Maui public school

As a product of Maui public schools, I have personally experienced the tremendous impact excellent teachers can have on a child’s life. Around my twelfth birthday, my father suddenly and unexpectedly passed away. My straight A’s began rapidly sliding due to a distracted and grieving young mind.

Two exceptional teachers, Mr. Camarillo and Mrs. Hiraguchi, stepped up to spend time with me after school house, to give me extra attention on my assignments, talk about personal matters, or even jam ‘ukulele. They would even offer to lessen the burden of my mother (a newly single mother of four) by driving me home or to football practice when pau. This type of teaching excellence should be encouraged.

I think a new Kihei High School will alleviate teachers at Maui High and Baldwin from over-crowded classrooms and allow this kind of individual focus on children who need it most. Additionally, Kihei High School will reduce highway traffic from South Maui into Kahului, provide hundreds of jobs, strengthen our future workforce, and establish a true hub for our South Maui community.

I think it is important and I am confident that by working together–and being able to caucus–with the rest of the Maui delegation, we will not only re-acquire the $20 million but also scoop the total approximately $140 million needed to drive the project home by 2016. With support from the community, our keiki will soon be attending a new high school.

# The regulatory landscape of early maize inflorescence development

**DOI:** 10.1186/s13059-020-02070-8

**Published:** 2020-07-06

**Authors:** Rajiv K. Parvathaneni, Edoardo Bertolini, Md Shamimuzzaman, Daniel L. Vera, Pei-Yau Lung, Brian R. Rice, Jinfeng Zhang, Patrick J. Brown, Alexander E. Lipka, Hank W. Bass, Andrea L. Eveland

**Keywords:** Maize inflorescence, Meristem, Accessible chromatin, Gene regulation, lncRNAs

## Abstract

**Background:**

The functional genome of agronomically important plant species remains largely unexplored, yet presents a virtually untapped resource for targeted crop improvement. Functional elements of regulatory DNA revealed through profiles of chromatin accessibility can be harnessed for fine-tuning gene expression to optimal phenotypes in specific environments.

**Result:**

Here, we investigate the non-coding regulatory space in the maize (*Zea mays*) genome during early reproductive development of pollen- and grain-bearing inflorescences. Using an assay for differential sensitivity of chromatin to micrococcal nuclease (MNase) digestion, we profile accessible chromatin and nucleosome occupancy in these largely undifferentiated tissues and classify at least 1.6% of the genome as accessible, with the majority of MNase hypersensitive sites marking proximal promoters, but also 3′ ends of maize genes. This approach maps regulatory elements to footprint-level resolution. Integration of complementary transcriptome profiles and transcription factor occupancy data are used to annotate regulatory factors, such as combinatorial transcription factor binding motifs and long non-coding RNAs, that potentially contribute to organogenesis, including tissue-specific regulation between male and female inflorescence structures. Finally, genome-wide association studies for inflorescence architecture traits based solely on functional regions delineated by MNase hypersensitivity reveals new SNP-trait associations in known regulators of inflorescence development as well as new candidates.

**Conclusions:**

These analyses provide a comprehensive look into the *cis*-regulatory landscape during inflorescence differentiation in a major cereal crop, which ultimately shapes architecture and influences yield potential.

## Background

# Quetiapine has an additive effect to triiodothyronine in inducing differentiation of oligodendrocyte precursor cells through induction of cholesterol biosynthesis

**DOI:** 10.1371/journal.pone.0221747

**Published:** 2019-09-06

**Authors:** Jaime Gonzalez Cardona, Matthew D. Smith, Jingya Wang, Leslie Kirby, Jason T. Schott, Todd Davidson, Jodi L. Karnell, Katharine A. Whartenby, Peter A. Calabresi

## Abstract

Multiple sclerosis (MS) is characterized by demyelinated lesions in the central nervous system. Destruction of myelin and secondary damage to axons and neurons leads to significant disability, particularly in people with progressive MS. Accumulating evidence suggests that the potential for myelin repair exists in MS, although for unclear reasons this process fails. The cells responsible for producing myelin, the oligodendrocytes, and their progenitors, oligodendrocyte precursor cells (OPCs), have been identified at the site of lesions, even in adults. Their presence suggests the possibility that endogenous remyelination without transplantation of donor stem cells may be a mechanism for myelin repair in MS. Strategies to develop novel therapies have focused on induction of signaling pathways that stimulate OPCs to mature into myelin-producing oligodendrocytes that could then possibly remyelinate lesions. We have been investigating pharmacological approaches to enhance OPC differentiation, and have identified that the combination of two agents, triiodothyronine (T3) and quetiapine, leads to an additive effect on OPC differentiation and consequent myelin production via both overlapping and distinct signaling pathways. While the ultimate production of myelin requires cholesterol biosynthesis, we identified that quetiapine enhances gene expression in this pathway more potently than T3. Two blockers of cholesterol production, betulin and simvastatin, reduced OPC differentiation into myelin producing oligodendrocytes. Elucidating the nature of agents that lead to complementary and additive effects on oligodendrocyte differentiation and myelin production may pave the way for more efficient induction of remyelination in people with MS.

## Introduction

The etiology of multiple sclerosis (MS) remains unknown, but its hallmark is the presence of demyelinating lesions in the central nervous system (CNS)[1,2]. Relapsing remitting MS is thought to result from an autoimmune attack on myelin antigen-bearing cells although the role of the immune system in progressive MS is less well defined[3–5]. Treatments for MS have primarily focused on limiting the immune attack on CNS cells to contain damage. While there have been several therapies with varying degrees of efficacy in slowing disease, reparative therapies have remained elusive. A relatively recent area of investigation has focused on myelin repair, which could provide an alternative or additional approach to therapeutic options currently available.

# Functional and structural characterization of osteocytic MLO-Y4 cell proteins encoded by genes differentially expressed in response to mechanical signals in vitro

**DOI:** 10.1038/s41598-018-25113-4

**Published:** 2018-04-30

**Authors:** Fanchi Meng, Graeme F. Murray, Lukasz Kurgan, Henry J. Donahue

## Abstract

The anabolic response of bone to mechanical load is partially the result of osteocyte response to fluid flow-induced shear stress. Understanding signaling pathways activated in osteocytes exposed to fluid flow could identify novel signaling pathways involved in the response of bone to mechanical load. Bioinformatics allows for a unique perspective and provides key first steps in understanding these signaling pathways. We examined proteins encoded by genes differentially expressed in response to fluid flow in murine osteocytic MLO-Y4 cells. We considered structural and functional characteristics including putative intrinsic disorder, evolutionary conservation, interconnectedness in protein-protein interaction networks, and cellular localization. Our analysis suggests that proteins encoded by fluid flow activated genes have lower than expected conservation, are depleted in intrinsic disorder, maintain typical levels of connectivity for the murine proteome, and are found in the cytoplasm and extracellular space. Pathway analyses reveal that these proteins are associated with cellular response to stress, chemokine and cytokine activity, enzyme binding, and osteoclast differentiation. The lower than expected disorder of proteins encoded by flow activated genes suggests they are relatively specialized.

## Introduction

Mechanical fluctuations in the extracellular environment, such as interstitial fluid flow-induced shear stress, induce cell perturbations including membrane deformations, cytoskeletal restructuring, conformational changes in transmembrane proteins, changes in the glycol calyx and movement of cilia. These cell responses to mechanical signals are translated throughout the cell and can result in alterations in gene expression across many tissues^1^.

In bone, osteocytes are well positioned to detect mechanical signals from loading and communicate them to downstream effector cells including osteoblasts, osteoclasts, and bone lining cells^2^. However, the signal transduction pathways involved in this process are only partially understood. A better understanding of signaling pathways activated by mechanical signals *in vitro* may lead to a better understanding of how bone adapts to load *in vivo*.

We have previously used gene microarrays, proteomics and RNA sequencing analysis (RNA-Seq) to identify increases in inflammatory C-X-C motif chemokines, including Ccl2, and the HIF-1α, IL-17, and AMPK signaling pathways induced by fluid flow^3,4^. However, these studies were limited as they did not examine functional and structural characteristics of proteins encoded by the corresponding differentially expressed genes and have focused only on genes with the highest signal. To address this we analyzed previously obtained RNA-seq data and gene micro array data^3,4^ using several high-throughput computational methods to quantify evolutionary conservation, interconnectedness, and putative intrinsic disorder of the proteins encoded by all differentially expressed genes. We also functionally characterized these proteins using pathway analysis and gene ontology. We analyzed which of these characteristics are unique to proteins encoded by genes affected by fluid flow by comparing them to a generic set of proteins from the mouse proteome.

We need to look at education on a broader scale. Public schools are a vital investment for Hawaii’s future, and must remain a priority in our legislature. Our goal should be to provide every child, irrespective of socio-economic or geographical background, with the best education we can!

There is a lot of finger pointing regarding who is responsible for our students’ academic successes and Hawaii’s future economy. Instead of this, surely working together for our keiki would be better. I support partnerships such as the P-20 Initiative for Education—a statewide partnership led by the Early Learning Council, the Hawaii State Department of Education, and the University of Hawaii System—in order to mend seams in a child’s holistic academic plan. Additionally, I recognize there needs to be work to be done to bridge connections between the Governor, the Board of Education, the Legislature, and the teacher’s union to cut through red tape and lay the most important decisions in the hands of those with the highest stakes: teachers, parents, and students!

Image Credit: Shannon Brown

Issue 15 NavigationWhat Kind Of Future Are We Leaving For Our Children? >>Businesses You Can Start From your Kitchen >>
Previous articleWhat Kind Of Future Are We Leaving For Our Children?
Next articlePop Gun Papa Page
Kaniela Ing was born and raised on Maui and attended Makawao Elementary, Kalama Intermediate and Kamehameha School Maui and obtained a bachelor's degree at the University of Hawaii at Manoa. At the time of writing he was running for state house representative District 11:South Maui (Kihei, Wailea & Makena) and later won. See for more information.